Well... to add to the board a bit, I figured I'd throw out the question thats been beaten to death countless times.

"Which programming language should I learn?"

I am a Networking major, so I haven't had much programming experience. All I know so far is bash scripting. Since my concerns lie primarily in system administration, etc., I've been leaning towards Perl, only because I've heard it is useful for scripting simple jobs. On the other hand, I am very interested in learning C, as I've turned into a linux junkie over the past year, I would like to really understand some of the finer things involved. Plus... it's obviously a more powerful language than Perl.

What do you think?

I myself have learned c and c++ it is somewhat difficult when you get into the gui and oop areas of the language but very enjoyable. Since you are a linux junkie you may want to learn c to help contribute to the linux kernel itself or programs that are ran on linux. I believe in learning a powerful language then learning a scripting language to do small jobs :/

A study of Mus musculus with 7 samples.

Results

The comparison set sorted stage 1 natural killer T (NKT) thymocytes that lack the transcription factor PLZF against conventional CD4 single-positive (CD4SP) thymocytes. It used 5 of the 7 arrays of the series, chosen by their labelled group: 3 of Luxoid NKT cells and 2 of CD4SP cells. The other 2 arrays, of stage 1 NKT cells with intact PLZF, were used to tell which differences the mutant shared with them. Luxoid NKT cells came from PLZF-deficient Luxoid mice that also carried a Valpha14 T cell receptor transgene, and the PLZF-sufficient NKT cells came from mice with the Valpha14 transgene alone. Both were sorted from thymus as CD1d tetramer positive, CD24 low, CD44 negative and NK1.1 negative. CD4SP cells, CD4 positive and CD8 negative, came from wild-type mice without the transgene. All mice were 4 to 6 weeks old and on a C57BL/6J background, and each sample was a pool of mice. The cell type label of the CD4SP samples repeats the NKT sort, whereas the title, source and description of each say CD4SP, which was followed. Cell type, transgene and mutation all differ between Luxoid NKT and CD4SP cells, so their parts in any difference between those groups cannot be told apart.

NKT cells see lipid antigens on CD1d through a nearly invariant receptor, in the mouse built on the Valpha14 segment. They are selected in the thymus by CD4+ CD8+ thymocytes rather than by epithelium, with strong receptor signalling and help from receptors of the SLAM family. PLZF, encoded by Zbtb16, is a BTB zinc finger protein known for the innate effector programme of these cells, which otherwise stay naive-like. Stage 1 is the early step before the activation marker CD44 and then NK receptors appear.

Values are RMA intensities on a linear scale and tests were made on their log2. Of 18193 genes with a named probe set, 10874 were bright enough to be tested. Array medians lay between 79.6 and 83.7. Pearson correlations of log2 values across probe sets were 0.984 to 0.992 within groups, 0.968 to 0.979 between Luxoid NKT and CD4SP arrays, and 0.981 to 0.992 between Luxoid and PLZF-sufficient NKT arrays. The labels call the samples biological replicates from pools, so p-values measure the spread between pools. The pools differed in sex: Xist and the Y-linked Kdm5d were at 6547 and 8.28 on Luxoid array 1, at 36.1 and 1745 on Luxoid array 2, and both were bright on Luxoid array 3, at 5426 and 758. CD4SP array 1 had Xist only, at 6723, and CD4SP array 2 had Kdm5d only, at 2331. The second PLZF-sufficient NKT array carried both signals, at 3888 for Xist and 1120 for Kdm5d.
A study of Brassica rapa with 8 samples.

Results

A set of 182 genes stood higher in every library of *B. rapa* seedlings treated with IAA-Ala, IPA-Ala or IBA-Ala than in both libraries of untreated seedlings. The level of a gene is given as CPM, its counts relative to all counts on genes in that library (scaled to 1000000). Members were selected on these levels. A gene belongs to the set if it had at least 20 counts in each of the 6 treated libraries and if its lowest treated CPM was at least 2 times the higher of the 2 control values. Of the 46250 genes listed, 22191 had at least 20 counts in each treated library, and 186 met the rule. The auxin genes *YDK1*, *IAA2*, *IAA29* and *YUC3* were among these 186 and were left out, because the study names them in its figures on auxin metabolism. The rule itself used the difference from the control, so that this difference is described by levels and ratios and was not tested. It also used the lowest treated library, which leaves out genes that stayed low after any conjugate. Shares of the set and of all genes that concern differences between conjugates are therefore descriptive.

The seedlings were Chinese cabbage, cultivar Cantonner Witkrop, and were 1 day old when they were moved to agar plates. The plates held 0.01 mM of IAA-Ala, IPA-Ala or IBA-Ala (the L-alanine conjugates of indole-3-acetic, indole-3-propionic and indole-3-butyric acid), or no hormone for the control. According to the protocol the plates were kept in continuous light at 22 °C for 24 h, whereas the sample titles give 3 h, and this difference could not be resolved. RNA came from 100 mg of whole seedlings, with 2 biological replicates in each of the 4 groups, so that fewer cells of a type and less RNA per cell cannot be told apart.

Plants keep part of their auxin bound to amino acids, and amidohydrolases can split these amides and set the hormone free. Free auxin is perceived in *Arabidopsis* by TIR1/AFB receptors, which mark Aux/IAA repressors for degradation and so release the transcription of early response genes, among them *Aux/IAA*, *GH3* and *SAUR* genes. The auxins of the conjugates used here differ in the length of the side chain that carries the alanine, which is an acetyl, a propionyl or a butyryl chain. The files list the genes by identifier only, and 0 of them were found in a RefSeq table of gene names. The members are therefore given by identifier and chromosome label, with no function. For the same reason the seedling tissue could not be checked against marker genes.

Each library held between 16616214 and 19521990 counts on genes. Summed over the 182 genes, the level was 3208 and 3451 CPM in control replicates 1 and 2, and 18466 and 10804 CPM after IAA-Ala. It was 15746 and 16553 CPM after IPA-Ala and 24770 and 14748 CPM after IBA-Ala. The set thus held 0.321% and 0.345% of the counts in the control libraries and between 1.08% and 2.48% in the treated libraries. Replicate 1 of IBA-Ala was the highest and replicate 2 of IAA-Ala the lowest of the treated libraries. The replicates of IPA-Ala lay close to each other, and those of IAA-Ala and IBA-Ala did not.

You have to ask yourself: What do I want to achieve?
Do you need a high-level language which is easy and fast to program with, or a low-level language to code kernel modules, doing embedded programming and such?
A lot of people recommend C++, but I beg to differ. C++ takes *ages* to learn properly, because of all its quirks. I've coded regularly in C++ since late 2002, and I still feel like a novice. Nowadays I recommend people Python. It's high-level enough to master quickly, but if you need to do low-level stuff with it, you can code python modules in C. Python is really easy to embed and extend.

So, yes. Python, then C is the way to go in my opinion.

Right on. Thanks for the responses.

Learn Bash inside and outside.

Then learn Perl inside and outside.

Don't expect to get good for at least a year (i.e. be patient, and learn properly and in-depth).